Lenders use hard credit checks to review your full credit record when you apply to borrow money for a personal loan or mortgage. This check can leave a mark on your credit record, and although not necessarily bad, having too many in a short time is unattractive for lenders. 


What is a Soft Credit Check? 


A soft credit check does not impact your credit score. In simple terms, it means that a lender views your credit history, but your credit record doesn’t reflect that it’s been viewed. 

Soft inquiries are only visible on consumer disclosures— when you request a copy of your credit record. 


Why Would Lenders Use a Soft Credit Check?


Usually, lenders use soft credit checks to verify your eligibility for one of their financial products and what rates to offer you. They check your credit record because this shows them how you behave as a borrower.

If you are a reliable and credible borrower with a borrowing history to show that, they may offer you better rates. If you need help in knowing the best ways to repay your debts, read our helpful guide here.

You may also have employers want to perform a soft credit check when reviewing your job application. This will ultimately depend on the employer.


credit score scale

How much you can borrow will depend upon your financial situation, such as your credit score.


When Would a Soft Credit Check Be Used?


The following checks are all examples of soft credit searches:

  • Personal credit checks;
  • Pre-approved credit offers;
  • Insurance applications;
  • Account reviews by current creditors.


 What is a Hard Credit Check?


If you’ve applied for finance, whether it’s for a credit card, personal loan, mortgage or another form of lending, the lender will do a more thorough credit check – a hard credit check. This will, unlike a soft check, be recorded on your credit file. It could lower your scores by a few points, but won’t have any dramatic impact.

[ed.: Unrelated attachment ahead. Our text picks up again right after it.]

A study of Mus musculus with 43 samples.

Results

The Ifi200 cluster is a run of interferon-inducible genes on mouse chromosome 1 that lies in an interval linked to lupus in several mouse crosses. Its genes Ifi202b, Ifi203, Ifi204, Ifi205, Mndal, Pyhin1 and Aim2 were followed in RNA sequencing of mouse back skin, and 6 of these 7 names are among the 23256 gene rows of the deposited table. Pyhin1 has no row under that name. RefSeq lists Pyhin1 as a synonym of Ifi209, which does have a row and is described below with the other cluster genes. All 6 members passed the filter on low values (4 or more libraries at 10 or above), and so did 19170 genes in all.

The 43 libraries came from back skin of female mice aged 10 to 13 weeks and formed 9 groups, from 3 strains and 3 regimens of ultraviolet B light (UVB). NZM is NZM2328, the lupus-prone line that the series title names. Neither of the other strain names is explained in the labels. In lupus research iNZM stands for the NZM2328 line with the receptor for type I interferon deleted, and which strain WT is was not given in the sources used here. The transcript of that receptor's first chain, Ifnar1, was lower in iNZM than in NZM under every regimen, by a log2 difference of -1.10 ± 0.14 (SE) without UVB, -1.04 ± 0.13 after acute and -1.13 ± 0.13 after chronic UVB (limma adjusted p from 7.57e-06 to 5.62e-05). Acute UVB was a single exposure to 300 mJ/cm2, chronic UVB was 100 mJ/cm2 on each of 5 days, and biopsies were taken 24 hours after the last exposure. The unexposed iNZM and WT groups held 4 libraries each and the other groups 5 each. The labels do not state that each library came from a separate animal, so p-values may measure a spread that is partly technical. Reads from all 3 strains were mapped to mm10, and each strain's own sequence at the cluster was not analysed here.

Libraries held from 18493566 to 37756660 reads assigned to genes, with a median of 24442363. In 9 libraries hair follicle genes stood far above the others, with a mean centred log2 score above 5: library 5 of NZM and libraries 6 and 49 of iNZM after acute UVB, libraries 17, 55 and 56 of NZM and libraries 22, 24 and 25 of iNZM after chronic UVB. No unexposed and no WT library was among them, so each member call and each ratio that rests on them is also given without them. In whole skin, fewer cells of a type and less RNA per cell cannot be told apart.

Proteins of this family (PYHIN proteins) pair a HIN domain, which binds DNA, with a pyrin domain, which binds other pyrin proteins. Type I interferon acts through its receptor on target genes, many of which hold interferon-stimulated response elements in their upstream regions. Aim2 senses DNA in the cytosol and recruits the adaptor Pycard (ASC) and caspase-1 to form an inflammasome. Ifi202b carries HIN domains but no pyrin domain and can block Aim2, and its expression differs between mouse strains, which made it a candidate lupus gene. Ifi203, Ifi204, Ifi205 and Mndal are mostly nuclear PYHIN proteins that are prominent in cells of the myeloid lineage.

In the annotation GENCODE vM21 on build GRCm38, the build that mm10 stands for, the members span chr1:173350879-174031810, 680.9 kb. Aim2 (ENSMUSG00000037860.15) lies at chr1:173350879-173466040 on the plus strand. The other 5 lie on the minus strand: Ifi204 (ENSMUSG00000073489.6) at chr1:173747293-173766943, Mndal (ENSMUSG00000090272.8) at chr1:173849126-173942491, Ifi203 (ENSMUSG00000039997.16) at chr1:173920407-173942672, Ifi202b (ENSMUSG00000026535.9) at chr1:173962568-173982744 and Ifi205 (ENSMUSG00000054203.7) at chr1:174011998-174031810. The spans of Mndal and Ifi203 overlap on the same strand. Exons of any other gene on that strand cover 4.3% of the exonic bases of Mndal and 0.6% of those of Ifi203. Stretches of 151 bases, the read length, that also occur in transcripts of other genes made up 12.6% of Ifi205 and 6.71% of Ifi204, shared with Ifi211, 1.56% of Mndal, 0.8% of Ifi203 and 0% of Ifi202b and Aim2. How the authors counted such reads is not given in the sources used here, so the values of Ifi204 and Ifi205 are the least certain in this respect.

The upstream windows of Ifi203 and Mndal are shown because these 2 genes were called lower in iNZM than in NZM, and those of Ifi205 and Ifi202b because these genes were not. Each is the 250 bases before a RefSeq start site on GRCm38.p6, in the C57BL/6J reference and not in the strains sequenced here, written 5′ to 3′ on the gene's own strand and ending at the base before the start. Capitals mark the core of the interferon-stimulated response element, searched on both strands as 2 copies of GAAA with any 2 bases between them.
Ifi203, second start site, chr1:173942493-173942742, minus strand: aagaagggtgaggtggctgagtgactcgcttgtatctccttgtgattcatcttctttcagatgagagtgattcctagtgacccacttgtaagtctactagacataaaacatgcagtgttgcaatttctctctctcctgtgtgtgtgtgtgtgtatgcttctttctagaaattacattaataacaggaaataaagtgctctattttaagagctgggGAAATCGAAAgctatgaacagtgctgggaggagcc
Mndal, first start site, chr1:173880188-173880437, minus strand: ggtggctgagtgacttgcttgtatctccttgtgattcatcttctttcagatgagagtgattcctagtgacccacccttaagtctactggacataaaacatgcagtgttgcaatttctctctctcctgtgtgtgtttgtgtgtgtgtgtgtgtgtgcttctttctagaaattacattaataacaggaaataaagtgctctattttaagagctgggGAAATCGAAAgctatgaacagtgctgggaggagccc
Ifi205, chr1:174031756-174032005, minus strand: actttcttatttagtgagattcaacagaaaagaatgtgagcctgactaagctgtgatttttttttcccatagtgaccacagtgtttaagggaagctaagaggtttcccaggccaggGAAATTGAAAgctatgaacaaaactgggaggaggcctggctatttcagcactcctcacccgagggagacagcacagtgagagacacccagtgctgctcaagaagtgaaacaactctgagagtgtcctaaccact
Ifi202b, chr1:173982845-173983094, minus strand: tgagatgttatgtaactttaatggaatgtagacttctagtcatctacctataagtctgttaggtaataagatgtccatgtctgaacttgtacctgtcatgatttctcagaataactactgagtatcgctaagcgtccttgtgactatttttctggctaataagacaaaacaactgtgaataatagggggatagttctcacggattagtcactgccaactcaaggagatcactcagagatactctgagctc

While a single hard search is unlikely to play a huge role in whether you’re approved for a new card or loan, having too many in a short period will work against you when trying to secure finance. Most hard searches stay on your credit report for 12 months.



How Many Points Does A Hard Credit Search Cost?


According to FICO, one will usually lower a credit score by less than five points. And over time, the impact on your score should be less until it no longer counts at all, about 12 months after it’s carried out.


Why Might a Lender Conduct a Hard Credit Check?


A hard credit check will often be done after a soft credit check, once you commit to a financial product, when you agree to buy the product. Some creditors automatically conduct a hard credit check at the point of application, so please do your research before applying. Some lenders do offer no credit check loans

Hard credit checks tend to be used for loan, credit card or mortgage applications, when you open a new utility account or when you pay-monthly for a mobile phone contract.

The following checks are all examples of hard credit searches:

  • Loan applications (mortgage, auto, student, personal, etc…);
  • Credit card applications;
  • Requests for credit limit increases;
  • Applications for lines of credit;
  • New utility applications;
  • Apartment rental applications.


How To Boost Your Credit Score 


There are a number of ways to improve your credit score, inlcuding:

Check Your Credit Report For Errors

Roughly one quarter of Americans have an error on their credit reports, such as fraudulent or duplicated accounts, as well as misreported payments. Your score may increase if you are able to dispute them and have them removed.


Increase Your Credit Limit

Another way to increase your credit score is by increasing your credit limit. Each credit card company will have a different process but it’s typically very easy and very quick, either by applying online or calling them. 

By increasing your credit limit, you lower your utilization and thus increase your credit score, showing that you don’t max out your credit. 


Pay Credit Card Bills

If you have several cards with a balance, focus on the highest card balance to reduce your credit utilization ratio.

Paying down your outstanding debt can also improve your debt-to-income ratio, which is used by many lenders.